Six years ago today, I made a promise to God that I would always share Isabella’s story, share God’s mercies and miracles with any and all who would listen. Some of you may know her story, but I have some new followers on here who do not. And so…
When I was 17 weeks pregnant, Mike and I went to the doctor together to find out whether we were having a boy or a girl. When the ultrasound tech told us it was a baby girl, we were super excited. Then she scrunched her brow and asked me if I was sure about my due date. The measurements weren’t adding up and our baby was about 2 weeks too small. We didn’t give this a great deal of thought, but when we saw the doctor, he added that our baby also had an echogenic heart and echogenic bowels, meaning there was blood showing up where there shouldn’t be. This was a little more alarming, but we were told not to worry ourselves too much.
The very next day, the doctor called me back to tell me that my protein levels had come back very high, indicating an extremely high risk for the baby to have spina bifida. He told me “not to panic,” but that he was going to send me over to Duke’s Perinatal Clinic so I could be seen by a genetics counselor. I called my pastor’s wife immediately and we prayed. “Not to panic.” As if. It took us over a year to get pregnant. I was terrified.
But that was just the beginning. My regular doctor wouldn’t touch me with a 10-foot pole, so I was permanently transferred to the Perinatal Clinic. Over the next 3 months, our baby’s prognosis went from bad to worse. Every visit brought a new result — She was experiencing placental bleeding, poor blood flow in her umbilical cord, decreasing amniotic fluid, and possible oxygen restriction to her brain. She was now high risk for not only spina bifida, but for Down’s Syndrome, the Trisomy’s, and a multitude of physical deformations, and mental disabilities. She had fluid around her heart and her heart walls were thicker than they should’ve been. She went from being 2 weeks’ too small to lagging behind by more than 45 days. We were reminded constantly that she was an extreme high-risk for stillbirth and that she was “barely sustaining.” Abortion was presented to us on more than one occasion, given her possible difficulties in life. Some people just weren’t prepared to handle it, they all told me.
They wanted me to come in for multiple monitoring sessions each week. They wanted me to do an amniocentesis. I asked them: “Will this help you to know what exactly is wrong? Will you then be able to fix the problem?” The answer was always no. And so my answer to them was also always no. I would not subject myself or my baby to so much stress. The doctor assigned to my case finally told me point blank, “I know you want this to be a normal pregnancy, but this is not a normal fetus.” Though I was completely shaken that day, she could never know the fire she ignited in me with that one cold statement. Later, when I was stronger, I remember telling her that I didn’t know what her faith was, but my God was going to protect this child. My child was going to be fine, I told her. And despite my terror, I believed that.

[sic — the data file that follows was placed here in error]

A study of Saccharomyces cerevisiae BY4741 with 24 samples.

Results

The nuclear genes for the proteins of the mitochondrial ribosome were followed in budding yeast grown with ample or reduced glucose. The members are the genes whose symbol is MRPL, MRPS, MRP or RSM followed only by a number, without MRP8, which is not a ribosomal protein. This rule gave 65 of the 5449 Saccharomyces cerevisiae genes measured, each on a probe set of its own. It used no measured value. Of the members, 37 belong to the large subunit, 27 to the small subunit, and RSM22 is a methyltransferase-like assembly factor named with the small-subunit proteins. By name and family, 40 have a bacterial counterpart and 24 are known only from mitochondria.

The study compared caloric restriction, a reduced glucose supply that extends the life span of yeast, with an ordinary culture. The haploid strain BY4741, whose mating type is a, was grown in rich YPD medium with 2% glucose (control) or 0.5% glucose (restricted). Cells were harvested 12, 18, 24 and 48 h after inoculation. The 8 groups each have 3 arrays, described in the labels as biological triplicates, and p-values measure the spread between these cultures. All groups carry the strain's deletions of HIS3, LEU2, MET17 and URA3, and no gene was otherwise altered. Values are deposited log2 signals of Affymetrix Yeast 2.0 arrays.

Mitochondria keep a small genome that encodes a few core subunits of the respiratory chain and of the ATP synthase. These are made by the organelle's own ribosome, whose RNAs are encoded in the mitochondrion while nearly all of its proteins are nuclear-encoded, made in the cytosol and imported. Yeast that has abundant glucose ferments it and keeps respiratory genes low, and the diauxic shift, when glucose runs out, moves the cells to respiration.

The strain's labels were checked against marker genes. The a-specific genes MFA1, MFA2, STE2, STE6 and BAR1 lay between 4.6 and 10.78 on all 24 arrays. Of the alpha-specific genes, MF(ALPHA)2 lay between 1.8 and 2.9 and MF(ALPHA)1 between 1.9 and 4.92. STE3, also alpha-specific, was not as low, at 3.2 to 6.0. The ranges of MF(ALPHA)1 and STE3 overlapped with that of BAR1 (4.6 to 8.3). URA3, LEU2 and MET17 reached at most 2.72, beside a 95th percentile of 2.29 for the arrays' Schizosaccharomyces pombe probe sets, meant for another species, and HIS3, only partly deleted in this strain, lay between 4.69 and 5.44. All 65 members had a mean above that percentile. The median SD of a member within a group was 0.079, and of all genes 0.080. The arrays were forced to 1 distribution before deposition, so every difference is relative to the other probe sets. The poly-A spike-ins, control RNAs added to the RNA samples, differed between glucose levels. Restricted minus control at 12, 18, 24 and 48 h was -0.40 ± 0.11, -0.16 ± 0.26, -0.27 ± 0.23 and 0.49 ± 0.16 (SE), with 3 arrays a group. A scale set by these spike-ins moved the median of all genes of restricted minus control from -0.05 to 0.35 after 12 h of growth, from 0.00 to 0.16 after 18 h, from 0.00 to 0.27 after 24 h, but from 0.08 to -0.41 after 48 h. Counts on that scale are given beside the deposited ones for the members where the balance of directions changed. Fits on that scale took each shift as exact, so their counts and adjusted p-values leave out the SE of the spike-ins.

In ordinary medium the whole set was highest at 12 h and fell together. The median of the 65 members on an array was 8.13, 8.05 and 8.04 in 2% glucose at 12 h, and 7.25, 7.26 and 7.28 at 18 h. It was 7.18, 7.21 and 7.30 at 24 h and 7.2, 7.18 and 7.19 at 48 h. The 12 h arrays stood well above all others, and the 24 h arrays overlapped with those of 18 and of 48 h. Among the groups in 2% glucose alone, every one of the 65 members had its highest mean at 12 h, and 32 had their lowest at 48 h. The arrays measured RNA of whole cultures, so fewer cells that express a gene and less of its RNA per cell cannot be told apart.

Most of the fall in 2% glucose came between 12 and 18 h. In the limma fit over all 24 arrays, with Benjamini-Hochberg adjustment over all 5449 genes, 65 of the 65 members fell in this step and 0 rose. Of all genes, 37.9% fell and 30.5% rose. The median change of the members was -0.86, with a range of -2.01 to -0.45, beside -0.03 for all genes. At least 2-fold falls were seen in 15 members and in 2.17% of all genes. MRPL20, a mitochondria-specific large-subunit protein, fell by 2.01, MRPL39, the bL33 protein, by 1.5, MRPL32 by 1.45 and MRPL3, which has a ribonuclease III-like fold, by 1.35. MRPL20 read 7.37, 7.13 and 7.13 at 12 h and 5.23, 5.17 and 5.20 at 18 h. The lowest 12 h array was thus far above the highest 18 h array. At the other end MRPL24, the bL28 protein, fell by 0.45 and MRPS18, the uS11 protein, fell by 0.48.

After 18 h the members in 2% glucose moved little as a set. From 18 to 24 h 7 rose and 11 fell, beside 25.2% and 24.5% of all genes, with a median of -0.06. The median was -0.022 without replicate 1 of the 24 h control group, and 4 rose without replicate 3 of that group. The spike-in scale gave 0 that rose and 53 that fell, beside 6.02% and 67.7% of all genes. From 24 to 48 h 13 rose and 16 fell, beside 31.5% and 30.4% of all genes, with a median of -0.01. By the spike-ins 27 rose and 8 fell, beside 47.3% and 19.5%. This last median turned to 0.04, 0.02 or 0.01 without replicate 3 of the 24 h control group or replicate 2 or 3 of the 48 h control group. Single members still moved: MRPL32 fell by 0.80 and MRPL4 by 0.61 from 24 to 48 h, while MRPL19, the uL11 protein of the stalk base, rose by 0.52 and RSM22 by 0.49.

Throughout, we did the only thing we could: we turned it over to God. We looked up scriptures and spoke life and healing over our child. I printed out a list of uplifting verses and we read them continuously. I spoke to her and told her that she was God’s child first, and that she was a warrior. She had the power, through Christ, to fight any attack of the enemy. I remember my aunt telling me one day that it was okay to cry, but I wouldn’t. I refused to show any sign of weakness to the circumstances. It felt like defeat. It felt like admitting that we were as “doomed” as the doctors reported. Each doctor visit was harder and harder, but my faith got stronger and stronger. And God settled into us a peace that we just couldn’t explain to the doctors.
At 32 weeks, my doctor – who I’d actually grown to like and respect through the hardships of the ordeal and despite the hardness of her nature – said to me: “We now have something worth fighting for.” God love her, as Granny would say, but I knew what she meant. We’d made it out of the danger zone. Isabella was still alive and stable enough to finally be considered what they had continuously told me she wasn’t: a viable pregnancy. It would now be “safe” to deliver her if we had to. I finally conceded to more frequent monitoring.
Two weeks later, five weeks before my due date, the doctor smiled at me during what had become a routine weekly ultrasound and said, “Yeah, no. You’re’ not going home today. It’s time.” Bella’s amniotic fluid levels had dropped below the absolute bare minimum. The nonstress test that followed showed her heartbeat had become sluggish. I had heard it so many times by now, I knew its rhythm. This was not it. I was sent over to ER immediately and at 3:02 pm Isabella Nicole was born kicking and screaming. She only weighed 2 pounds, 11.6 ounces, but the doctors were amazed that she needed no oxygen, no transfusions, barely any assistance at all. She was moved from the NICU to a transitional nursery in just 3 days because she was so healthy, and exactly 4 weeks after she was born, they released her from the hospital.
The week of her first birthday, I took Bella back to see that same doctor. The smiles and laughter and sheer joy we shared in that moment were priceless. The doctor showed us around to everyone. People remembered us, congratulated us, beamed at us. Simply put, Bella was our Miracle Baby.